Zhao, who was born in China, was named best director for Nomadland on Monday (April 26), making her the first Asian woman to win the category in the award’s 93-year history.
The recession-era tale about a community of van dwellers in America also won Oscars for best picture and best actress, for Frances McDormand.
About 30 people had gathered at a small bar on The Bund, a historic district in central Shanghai, as early as 8:00 a.m. local time (0000 GMT) to support Zhao and watch the awards live on YouTube.
But the screening, hosted by the New York University alumni, didn’t start until 10 a.m., when organiser Kevin Ke got his VPN service to work.
“They cut the VPN,” Ke said, adding his WeChat account was shut down after he wrote a post praising Zhao.
The Cyberspace Administration of China did not respond to a Reuters request for comment.
Many Western apps such as YouTube are banned in China where the local internet is tightly regulated and often censored of content that could undermine the ruling Communist Party. A VPN service is needed to bypass the so-called Great Firewall.
Zhao’s win comes on the back of rising grassroots fervour for the government in China, where the Beijing-born director grew up.
In March, some Chinese netizens said Zhao had insulted China and questioned her nationality following an interview she gave in 2013 in which she was critical of the country.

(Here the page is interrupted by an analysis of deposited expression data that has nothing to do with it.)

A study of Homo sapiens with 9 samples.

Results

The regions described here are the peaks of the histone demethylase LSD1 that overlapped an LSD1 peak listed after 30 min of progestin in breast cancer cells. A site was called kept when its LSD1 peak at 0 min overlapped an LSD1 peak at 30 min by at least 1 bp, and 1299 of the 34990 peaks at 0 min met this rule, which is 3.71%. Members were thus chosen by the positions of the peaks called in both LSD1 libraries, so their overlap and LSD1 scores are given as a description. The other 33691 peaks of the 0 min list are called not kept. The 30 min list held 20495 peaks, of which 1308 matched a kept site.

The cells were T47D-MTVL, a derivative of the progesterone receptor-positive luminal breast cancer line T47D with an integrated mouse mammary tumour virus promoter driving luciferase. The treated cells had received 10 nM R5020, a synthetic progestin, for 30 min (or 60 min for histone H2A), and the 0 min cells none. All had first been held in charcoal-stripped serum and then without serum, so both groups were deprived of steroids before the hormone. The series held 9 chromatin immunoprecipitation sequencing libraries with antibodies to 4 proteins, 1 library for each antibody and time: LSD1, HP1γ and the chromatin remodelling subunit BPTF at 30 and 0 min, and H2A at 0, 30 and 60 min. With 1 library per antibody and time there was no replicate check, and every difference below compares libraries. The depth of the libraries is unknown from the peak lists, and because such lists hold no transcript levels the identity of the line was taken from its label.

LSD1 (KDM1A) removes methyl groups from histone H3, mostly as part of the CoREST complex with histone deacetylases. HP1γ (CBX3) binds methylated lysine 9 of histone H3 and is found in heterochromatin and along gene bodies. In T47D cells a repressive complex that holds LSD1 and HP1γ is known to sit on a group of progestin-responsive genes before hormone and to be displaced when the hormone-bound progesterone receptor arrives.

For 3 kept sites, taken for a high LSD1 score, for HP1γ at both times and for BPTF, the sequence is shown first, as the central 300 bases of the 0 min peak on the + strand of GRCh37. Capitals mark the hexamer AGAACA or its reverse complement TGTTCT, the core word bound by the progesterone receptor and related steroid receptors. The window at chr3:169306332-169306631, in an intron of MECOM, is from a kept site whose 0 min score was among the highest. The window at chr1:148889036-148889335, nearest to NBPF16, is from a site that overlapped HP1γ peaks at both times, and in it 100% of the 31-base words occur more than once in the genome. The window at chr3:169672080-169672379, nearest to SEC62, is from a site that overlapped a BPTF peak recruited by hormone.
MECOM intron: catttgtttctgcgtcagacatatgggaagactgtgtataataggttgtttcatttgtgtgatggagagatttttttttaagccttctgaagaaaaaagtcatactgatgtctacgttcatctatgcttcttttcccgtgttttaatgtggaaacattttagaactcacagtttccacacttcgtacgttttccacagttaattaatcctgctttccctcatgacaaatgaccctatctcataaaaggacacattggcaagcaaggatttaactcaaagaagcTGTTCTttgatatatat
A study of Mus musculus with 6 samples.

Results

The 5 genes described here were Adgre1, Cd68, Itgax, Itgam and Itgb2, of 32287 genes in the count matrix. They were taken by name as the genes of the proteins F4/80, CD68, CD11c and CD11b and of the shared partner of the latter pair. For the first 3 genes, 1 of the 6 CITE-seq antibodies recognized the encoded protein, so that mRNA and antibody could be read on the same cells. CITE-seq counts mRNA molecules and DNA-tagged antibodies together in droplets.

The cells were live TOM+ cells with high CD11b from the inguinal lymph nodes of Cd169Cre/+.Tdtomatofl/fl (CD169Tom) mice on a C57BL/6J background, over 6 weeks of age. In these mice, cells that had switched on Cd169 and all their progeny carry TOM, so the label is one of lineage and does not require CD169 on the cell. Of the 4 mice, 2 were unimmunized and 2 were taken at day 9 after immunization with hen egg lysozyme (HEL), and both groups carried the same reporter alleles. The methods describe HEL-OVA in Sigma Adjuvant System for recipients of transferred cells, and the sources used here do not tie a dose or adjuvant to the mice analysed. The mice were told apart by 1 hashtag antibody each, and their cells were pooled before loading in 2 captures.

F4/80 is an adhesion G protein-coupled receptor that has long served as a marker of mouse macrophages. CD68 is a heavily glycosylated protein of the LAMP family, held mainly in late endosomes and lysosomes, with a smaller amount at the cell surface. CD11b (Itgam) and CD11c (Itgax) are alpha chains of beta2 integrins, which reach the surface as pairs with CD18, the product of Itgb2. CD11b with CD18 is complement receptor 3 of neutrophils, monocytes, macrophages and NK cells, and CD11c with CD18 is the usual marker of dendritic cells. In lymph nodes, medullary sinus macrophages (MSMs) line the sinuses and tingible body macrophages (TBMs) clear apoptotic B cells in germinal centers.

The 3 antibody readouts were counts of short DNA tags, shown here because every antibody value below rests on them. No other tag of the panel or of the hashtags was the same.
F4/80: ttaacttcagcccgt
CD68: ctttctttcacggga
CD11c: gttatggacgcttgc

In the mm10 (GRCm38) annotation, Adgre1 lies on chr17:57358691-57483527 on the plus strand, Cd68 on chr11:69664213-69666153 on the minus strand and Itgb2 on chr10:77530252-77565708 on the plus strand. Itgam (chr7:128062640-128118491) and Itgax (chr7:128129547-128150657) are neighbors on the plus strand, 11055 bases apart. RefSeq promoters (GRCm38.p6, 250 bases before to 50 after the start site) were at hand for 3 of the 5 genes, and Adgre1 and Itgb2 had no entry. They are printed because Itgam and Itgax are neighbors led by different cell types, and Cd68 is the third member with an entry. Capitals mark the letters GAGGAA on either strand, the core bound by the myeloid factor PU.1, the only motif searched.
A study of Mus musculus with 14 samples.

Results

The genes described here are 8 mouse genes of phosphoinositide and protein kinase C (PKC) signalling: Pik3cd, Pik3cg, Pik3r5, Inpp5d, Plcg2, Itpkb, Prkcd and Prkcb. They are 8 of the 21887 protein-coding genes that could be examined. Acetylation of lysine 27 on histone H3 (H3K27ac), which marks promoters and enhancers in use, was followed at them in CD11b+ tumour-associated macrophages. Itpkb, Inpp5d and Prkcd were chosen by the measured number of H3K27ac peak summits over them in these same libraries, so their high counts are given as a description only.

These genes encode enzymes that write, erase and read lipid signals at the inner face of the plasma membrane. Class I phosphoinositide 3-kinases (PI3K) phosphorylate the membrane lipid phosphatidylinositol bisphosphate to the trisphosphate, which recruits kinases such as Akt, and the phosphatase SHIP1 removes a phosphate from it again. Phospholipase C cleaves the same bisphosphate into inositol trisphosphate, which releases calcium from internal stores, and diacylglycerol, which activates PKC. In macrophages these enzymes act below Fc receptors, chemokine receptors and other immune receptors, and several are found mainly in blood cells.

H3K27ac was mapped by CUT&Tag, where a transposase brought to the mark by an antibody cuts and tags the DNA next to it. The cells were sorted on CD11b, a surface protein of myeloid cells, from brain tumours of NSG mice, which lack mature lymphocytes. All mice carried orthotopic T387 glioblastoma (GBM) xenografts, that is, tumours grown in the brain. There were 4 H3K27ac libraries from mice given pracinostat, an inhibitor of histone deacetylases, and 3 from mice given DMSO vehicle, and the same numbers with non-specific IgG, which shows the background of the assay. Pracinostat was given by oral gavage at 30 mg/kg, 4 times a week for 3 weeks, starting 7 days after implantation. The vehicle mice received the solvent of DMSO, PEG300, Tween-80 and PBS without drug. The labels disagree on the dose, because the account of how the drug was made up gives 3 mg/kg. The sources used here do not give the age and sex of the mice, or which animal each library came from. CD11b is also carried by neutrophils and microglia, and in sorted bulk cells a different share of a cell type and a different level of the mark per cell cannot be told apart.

Video snippets of Zhao’s acceptance of the best director award were posted on Chinese social media.
“I was a bit surprised that Zhao did not use Mandarin to say thank you,” said one user of China’s Twitter-like microblog Weibo. “Bong Joon-ho spoke in his native language.”
Bong, a Korean director, won four Oscars last year for Parasite.
Information on Nomadland has been scrubbed from Chinese ticketing platforms, film review websites and social media.
The movie’s release, slated for April 23 in mainland China, was suspended.
Chinese regulators have also directed local media not to broadcast the Oscars, which follows Zhao’s critical comments and the nomination of a documentary about Hong Kong’s 2019 protests.
“Somebody wants to bring her down, mafia-style on the internet,” Ke said.
“They’re trying to destroy her because she said China is a country full of lies,” he said in reference to her 2013 interview.